Today, the Office of the Inspector General of the Health and Human Services Department publicly disclosed letters sent to the Attorneys General of ten states showing the results of its review of state false claims statutes under guidelines issued in response to the Deficit Reduction Act of 2005 ("DRA"). Effective January 1, 2007, under Section 6031 of the DRA, states enacting false claims laws that are "at least as effective" as the federal FCA are given a financial incentive to do so. The OIG stated that it applied guidelines published in August 2006 to determine whether the ten states qualified for the financial incentive under the DRA.

According to the letters released by the OIG today, of the ten state statutes reviewed, only three—Illinois, Massachusetts, and Tennessee—meet the requirements of the DRA and therefore qualify for the financial incentive. States informed that their state FCA laws were found inadequate were California, Florida, Louisiana, Indiana, Michigan, Nevada, and Texas—ironically, states that have been the most successful in state FCA recoveries.

The letters, posted on HHS OIG's website ( falseclaimsact.html), point out the particular state law provisions that are not in compliance with the guidelines. They also describe the changes needed to bring the provisions into compliance. The letters indicate that states are required to match the federal statute in key respects, including elements of liability, damages, penalties, relator's share, and statute of limitations.

According to the OIG, particular deficiencies in the state false claims laws reviewed include the following (among other deficiencies):

  • California's penalty of "up to $10,000" for each false claim does not set a floor for penalties as in the federal statute, where the penalty must be not less than $5,500.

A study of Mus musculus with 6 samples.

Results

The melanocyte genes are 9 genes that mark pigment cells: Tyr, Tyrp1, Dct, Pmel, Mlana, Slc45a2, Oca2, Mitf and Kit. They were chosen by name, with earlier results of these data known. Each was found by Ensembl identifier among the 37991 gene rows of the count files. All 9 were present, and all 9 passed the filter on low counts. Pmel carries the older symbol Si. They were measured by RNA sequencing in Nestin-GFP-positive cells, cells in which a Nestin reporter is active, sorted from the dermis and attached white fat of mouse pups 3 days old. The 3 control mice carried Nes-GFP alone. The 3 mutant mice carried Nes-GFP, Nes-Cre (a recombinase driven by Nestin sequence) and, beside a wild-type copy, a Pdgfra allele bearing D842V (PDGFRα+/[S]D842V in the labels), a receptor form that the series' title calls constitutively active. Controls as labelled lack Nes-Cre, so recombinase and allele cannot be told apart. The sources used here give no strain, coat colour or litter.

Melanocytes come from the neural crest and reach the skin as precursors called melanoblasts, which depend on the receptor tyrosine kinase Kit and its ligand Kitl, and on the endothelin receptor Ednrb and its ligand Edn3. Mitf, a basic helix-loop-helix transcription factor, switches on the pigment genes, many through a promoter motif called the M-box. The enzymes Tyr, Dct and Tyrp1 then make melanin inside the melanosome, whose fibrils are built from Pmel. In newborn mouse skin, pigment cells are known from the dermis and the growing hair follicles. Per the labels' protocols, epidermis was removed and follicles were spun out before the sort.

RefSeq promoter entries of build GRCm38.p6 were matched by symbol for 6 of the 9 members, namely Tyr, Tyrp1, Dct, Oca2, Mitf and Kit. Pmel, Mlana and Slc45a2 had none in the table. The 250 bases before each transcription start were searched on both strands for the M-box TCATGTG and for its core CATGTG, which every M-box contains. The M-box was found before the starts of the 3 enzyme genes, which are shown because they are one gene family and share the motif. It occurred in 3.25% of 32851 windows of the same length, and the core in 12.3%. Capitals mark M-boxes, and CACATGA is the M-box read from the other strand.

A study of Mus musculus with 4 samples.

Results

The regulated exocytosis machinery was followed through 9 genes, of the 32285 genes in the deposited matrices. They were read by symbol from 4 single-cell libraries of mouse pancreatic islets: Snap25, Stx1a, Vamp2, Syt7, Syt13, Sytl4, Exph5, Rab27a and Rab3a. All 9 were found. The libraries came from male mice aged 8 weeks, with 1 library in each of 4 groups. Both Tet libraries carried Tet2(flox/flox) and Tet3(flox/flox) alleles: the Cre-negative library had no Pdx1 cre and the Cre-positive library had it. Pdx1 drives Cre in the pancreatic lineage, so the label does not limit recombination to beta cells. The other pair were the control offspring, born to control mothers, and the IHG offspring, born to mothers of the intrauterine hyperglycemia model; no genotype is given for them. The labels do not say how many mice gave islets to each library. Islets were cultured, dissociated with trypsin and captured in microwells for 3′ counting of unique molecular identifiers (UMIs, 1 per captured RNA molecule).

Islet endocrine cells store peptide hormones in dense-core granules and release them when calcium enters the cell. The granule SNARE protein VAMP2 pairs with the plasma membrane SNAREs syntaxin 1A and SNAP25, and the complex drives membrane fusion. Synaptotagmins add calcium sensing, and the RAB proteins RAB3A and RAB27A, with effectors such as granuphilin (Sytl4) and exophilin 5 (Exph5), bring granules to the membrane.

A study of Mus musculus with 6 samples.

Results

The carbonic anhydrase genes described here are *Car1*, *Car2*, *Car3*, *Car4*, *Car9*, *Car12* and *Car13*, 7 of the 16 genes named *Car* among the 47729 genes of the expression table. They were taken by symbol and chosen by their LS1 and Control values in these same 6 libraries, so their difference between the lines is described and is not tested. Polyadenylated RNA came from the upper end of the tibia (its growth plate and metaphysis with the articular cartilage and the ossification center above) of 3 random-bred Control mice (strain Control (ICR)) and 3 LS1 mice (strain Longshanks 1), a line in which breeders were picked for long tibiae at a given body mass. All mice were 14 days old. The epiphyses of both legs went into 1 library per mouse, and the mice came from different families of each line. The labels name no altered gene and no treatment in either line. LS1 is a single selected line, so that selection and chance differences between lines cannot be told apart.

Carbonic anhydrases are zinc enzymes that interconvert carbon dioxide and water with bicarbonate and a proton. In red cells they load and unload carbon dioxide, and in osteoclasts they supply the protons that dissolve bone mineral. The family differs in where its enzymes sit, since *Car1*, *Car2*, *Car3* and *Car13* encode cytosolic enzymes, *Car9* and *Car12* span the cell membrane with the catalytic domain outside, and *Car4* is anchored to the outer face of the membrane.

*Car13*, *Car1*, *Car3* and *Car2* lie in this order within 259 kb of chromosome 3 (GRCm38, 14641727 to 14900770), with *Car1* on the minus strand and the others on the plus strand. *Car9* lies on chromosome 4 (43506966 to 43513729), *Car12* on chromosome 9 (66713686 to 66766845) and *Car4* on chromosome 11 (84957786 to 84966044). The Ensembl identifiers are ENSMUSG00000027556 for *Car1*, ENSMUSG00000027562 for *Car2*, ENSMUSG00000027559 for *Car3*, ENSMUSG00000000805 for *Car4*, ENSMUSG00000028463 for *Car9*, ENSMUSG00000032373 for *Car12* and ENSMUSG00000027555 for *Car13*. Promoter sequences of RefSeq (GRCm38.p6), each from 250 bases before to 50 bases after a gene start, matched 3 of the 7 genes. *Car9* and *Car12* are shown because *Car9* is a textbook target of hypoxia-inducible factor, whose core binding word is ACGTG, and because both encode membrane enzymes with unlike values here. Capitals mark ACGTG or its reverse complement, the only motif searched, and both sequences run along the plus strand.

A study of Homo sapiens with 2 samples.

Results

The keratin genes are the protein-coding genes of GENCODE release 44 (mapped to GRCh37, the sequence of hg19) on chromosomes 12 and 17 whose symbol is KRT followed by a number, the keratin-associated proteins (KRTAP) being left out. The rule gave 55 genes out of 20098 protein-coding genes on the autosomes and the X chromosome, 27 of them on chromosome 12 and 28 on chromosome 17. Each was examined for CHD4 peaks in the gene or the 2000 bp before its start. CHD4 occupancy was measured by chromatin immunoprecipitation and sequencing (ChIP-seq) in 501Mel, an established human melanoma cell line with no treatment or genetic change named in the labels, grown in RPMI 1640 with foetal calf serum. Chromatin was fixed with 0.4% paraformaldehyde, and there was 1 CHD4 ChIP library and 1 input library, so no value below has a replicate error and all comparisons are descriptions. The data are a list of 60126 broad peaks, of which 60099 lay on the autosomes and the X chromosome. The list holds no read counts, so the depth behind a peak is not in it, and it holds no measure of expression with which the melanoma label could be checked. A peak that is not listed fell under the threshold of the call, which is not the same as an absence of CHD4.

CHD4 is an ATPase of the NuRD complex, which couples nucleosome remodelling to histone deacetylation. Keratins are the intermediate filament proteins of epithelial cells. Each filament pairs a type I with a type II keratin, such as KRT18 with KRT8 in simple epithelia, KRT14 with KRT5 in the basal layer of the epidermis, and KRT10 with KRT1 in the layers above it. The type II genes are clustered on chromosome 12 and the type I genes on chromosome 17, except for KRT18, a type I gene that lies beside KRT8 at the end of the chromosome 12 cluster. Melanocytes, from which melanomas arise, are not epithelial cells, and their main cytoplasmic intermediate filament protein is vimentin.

• Florida's statute of limitations permits actions brought no more than five years after the date of the violation, or no more than two years after the material facts are known or reasonably should have been known, and, in any event, no more than seven years after the violation was committed. This provision is less effective than the federal statute, under which the corresponding periods are six, three, and ten years, respectively.
  • Indiana does not define "knowing" and "knowingly" to include deliberate ignorance and reckless disregard.
  • Louisiana's relator's share provisions allow a lesser percentage to be recovered than the federal law.
  • Michigan's statute does not allow for the recovery of a penalty for each false claim, and does not create liability for a reverse false claim.
  • Nevada's civil penalty of not less than $2,000 sets a lower floor than the federal law.
  • Texas does not permit relators to bring qui tam actions if the Texas Attorney General declines to intervene.

FraudMail Alert has been closely following state FCA developments under the DRA and has previously noted that, under our system of federalism, states must be permitted to enact laws which their legislatures deem workable and fair. The OIG's evaluation of the "effectiveness" of these state laws, noting that they did not match the federal law, is inconsistent with the principles underlying federalism. This is particularly true since those state FCA laws most successful in FCA recoveries were found "inadequate." Of particular importance, however, is the Texas FCA, where the state legislature has decided to preclude qui tam suits if the state Attorney General declines to intervene. FCA statistics recently released by the DOJ show that government participation in FCA suits is an overwhelmingly important element in FCA recoveries, and thus support the finding that the Texas false claims law, which requires government intervention, is an effective method—perhaps the most effective and economical method—of recovering Medicaid funds lost to fraud.